EGU General Assembly 2023
© Author(s) 2023. This work is distributed under
the Creative Commons Attribution 4.0 License.

Old orogen - young topography: Landscape Rejuvenation in the Bohemian Massif

Jörg Robl1, Kurt Stüwe2, Fabian Dremel1, Moritz Liebl1, Christoph von Hagke1, and Derek Fabel3
Jörg Robl et al.
  • 1Paris-Lodron-University of Salzburg, Department Enviroment and Biodiversity, Department Enviroment and Biodiversity, Salzburg, Austria (
  • 2Institute for Earth Sciences, University of Graz, 8020 Graz, Austria (
  • 3Scottish Universities Environmental Research Centre (SUERC), University of Glasgow, East Kilbride G75 0QF, United Kingdom (

The Bohemian Massif is the relic of a major Paleozoic mountain range that is known to have exhumed and its surface levelled in the Permian. The southern part of the Bohemian Massif with high grade metamorphic rocks and magmatic intrusions dips towards the south under the weakly consolidated Neogene sediments of the Molasse Basin. However, Neogene landscape evolution is largely unconstrained, but the occurrence of marine sediments several hundred meters above sea level is a clear indication of significant surface uplift during the last few million years. The landscape is characterized by rolling hills and extended planation surfaces above an elevation of about 500 m. However, at lower elevations deeply incised gorges confined by steep hillslopes are abundant and contrast impressively with the low relief landscapes above. A continental drainage divide follows the central ridge of the Bohemian Massif with the Vlatava (Moldau) and the Danube (Donau) draining the regions north and south of the drainage divide. In this study we aim quantifying spatial and temporal variations of landscape change in the Bohemian Massif during the last few million years. To characterize the two contrasting landscape states, we computed landscape metrics based on digital elevation models (e.g. normalized steepness index, geophysical relief). To determine the rate landscape change we determined catchment-wide erosion rates from the concentration of cosmogenic 10Be in river sands.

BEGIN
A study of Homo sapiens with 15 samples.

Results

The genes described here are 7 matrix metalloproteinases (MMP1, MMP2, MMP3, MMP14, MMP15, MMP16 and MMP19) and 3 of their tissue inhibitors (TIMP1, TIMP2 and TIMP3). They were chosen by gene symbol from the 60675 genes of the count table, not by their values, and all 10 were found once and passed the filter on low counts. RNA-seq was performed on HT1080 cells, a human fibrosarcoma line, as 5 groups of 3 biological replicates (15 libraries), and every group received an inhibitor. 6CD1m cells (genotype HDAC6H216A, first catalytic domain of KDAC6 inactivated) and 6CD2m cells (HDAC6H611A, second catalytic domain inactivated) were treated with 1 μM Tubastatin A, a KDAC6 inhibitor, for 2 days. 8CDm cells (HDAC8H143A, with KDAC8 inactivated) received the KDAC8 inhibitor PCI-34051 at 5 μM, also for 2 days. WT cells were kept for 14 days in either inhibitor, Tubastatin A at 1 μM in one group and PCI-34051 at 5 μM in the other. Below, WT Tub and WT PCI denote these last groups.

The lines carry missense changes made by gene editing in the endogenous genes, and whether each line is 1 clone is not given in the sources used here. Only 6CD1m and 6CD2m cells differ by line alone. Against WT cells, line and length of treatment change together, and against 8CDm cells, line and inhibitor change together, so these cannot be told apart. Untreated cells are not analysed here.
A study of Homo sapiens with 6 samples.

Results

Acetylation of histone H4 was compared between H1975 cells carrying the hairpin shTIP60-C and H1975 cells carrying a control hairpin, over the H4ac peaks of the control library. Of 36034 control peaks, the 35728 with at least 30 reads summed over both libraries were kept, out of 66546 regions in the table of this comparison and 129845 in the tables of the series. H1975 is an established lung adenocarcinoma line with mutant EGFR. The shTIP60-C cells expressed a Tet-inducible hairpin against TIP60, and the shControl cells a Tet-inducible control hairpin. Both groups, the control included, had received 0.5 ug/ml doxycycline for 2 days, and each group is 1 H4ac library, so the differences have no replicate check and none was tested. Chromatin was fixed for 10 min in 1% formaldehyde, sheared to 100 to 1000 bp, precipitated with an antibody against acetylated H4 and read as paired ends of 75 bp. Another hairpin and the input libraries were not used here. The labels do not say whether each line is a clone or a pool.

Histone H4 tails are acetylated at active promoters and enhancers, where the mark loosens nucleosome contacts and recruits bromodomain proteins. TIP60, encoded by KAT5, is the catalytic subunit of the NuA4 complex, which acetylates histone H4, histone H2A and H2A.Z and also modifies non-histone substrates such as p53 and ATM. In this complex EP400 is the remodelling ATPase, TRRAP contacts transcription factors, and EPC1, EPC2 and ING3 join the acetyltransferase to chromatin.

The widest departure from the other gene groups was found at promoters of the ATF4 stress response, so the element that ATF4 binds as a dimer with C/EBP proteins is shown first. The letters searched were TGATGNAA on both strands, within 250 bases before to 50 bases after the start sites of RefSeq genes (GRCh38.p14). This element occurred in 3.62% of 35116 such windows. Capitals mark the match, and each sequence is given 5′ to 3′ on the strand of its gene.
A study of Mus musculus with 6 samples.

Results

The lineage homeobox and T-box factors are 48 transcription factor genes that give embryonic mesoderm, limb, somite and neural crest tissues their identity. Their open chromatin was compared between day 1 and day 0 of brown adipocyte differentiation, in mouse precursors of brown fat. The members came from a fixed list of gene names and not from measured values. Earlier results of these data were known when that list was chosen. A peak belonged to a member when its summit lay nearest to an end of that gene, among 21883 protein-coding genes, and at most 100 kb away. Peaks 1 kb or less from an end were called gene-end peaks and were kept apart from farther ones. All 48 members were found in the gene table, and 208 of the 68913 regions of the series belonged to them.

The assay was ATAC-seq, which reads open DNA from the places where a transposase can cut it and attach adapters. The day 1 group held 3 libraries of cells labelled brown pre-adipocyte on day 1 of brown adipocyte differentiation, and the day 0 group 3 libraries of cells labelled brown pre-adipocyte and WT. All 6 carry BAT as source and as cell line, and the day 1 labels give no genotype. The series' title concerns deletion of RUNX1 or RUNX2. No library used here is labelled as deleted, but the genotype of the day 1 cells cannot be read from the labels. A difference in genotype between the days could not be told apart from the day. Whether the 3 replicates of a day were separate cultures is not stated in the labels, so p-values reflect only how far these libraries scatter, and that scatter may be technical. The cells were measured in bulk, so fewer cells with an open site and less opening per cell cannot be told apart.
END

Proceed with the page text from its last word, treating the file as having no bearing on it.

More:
Results show that the landscape is characterized by out-of-equilibrium river profiles with knickpoints abundantly occurring at elevations between 450 m and 550 m separating steep channel segments at lower elevations from less steep channels at higher elevations. Hypsometric maxima at or close above knickpoint elevations along with high and low values in geophysical relief downstream and upstream of major knickpoints support the idea of landscape bimodality. Furthermore, we found a strong drainage divide asymmetry, which evidences for the reorganization of the drainage network of the region. Across-divide gradients in channel steepness predict the northward migration of the Danube-Vltava drainage divide including growth and shrinkage of tributary catchments. Erosion rates of the 20 investigated catchments are very low (20 – 50 m per million year) compared to the Alps or other active mountain ranges. The lowest erosion rates occur in catchments with a large fraction of planation surfaces at mid-altitudes. Highest erosion rates occur in elongated catchments of Danube tributaries. Based on our results we suggest that the occurrence of contrasting bedrock properties between Molasse sediments and the crystalline basement represents a superior control on the topographic evolution of the entire region. The transition from soft sediments of the Molasse basin to much less erodible basement rocks during progressive river incision in a setting of low but long last uplift distinctly changes the channel steepness and relief, the course of the receiving streams, and their susceptibility to sudden changes in flow direction (river capture) of the million years’ time scale.

How to cite: Robl, J., Stüwe, K., Dremel, F., Liebl, M., von Hagke, C., and Fabel, D.: Old orogen - young topography: Landscape Rejuvenation in the Bohemian Massif, EGU General Assembly 2023, Vienna, Austria, 24–28 Apr 2023, EGU23-2068,, 2023.